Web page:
Transcendence – Review
Do you know how many times I had to run the word “Transcendence” through the spell check to make sure I got it right? Thankfully, Adam Sandler does not use big fancy words in his movie titles, so my summer will be much easier.
Johnny Depp and Rebecca Hall star as Will and Evelyn Caster – two groundbreaking scientists working on artificial intelligence for computers. Their pal, Max (Paul Bettany), is very worried where this branch of study could lead, and has been a vocal opponent to any computer replacing humanity. However, all of that is about to be challenged.
A group of anti-technology zealots have decided to carry out a terrorist act against the companies working on advanced sentient programming and computer evolution, which leaves Will injured and with no hope of recovery.
However, Evelyn and Max work together to do the unthinkable to save their pal. They find a way to upload Will’s brain into a system that allows him to evolve and communicate, while taking in an unlimited amount of information.
Once this new Will starts to grow and realize new, unheard of powers, can he be stopped?
Is it really Will?
Transcendence is a movie that sneaks up on you dramatically and emotionally. Director Wally Pfister and writer Jack Paglen smoothly and slowly progress the plot in understandable and fascinating ways if you are willing to jump in and go with the flow. Then, suddenly, you have entered a realm of science fiction that challenges ethics and morality, which is the deeper part of the story, but not really the main attraction.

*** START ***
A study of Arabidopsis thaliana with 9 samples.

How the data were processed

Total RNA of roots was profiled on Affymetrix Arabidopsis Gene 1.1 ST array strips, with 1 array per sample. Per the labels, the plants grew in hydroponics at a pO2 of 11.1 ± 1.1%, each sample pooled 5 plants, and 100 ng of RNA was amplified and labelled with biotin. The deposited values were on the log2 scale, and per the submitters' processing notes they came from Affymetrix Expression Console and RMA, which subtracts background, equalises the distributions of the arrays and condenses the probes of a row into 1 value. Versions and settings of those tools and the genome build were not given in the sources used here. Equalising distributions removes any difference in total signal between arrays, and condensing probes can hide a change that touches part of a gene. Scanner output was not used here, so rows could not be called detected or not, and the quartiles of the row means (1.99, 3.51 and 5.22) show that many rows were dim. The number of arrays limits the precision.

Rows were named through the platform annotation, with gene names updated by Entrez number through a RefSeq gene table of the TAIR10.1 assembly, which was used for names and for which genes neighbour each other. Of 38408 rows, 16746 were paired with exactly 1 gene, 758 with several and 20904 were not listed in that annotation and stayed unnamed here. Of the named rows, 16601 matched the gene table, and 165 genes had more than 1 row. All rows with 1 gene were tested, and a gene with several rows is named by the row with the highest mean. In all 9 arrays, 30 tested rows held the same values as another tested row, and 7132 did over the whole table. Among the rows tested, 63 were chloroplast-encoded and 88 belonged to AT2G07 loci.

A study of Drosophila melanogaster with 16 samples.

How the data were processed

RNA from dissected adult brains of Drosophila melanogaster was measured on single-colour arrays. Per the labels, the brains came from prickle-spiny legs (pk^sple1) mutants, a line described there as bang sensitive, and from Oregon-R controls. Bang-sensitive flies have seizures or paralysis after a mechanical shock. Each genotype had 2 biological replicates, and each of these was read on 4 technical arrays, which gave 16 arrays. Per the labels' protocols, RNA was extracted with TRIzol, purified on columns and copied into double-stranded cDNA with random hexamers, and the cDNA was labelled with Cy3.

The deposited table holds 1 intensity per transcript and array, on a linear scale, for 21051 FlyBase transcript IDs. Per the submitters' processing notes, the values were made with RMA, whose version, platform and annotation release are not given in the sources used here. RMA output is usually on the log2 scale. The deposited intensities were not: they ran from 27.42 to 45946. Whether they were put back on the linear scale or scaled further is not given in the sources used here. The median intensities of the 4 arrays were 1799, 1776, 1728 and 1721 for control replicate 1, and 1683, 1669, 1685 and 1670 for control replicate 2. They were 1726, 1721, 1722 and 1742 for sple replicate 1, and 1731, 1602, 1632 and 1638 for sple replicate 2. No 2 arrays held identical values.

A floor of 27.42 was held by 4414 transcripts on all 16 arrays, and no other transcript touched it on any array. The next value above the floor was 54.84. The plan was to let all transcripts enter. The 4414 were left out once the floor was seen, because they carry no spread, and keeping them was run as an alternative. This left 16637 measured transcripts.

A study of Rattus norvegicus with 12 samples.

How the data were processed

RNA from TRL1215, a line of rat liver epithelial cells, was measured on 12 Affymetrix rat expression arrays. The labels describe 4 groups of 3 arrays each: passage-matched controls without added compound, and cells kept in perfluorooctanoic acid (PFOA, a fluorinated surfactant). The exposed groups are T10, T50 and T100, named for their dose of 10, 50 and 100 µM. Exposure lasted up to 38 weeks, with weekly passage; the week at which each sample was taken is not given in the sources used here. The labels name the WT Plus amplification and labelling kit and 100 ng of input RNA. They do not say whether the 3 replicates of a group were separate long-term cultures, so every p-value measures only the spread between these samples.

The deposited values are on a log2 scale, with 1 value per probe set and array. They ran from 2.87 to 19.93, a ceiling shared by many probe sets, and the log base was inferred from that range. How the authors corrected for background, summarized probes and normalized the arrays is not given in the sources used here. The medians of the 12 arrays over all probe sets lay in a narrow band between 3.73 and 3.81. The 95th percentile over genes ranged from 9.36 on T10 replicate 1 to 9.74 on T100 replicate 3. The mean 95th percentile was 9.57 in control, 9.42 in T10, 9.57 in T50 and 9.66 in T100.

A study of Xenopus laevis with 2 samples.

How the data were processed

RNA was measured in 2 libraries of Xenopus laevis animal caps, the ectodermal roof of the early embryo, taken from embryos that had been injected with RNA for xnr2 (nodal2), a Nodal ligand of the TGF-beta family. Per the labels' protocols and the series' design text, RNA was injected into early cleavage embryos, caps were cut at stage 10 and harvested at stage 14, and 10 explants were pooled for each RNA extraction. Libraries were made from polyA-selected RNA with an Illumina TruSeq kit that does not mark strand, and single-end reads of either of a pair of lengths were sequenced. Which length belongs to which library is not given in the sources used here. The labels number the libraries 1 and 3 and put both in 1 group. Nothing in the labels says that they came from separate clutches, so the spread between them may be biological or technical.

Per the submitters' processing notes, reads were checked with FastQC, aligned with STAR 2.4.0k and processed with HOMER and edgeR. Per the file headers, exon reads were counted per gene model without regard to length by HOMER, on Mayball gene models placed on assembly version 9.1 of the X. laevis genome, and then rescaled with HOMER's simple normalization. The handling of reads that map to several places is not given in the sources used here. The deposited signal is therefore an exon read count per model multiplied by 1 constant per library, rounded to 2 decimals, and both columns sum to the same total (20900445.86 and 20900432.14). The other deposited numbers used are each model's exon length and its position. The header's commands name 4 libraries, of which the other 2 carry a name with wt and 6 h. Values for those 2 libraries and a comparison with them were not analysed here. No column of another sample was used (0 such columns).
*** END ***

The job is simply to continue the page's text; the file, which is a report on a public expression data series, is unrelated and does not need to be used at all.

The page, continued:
Pfister delivers enough action and thrills to pick up the pace and impact of Transcendence, but it feels like we all get lost along the way to the end. The story becomes a little too muddled, and, before you know it, is this supposed to be a love story? Really?
Depp is nice and creepy with his mostly vocal performance successfully helping the audience question Will’s motivations and desires, but the real stars of the movie are Hall and Bettany (they just don’t look as cool on the movie posters, and they don’t sell as many tickets). While Depp gets paid a hefty sum for reading, those two get the heavy lifting as we see them struggling with Will’s impending doom, the ethical questions about whether or not they should move forward with this plan, and what to do when Will starts to go crazy with God-like powers. Even Morgan Freeman (another guy who sells more tickets and looks better on the movie posters) doesn’t really have much to do in Transcendence, so be careful with expectations.
Transcendence might not be all you ever hoped for, but it is far better than most movies out there.
Transcendence is rated PG-13 for sci-fi action and violence, some bloody images, brief strong language and sensuality.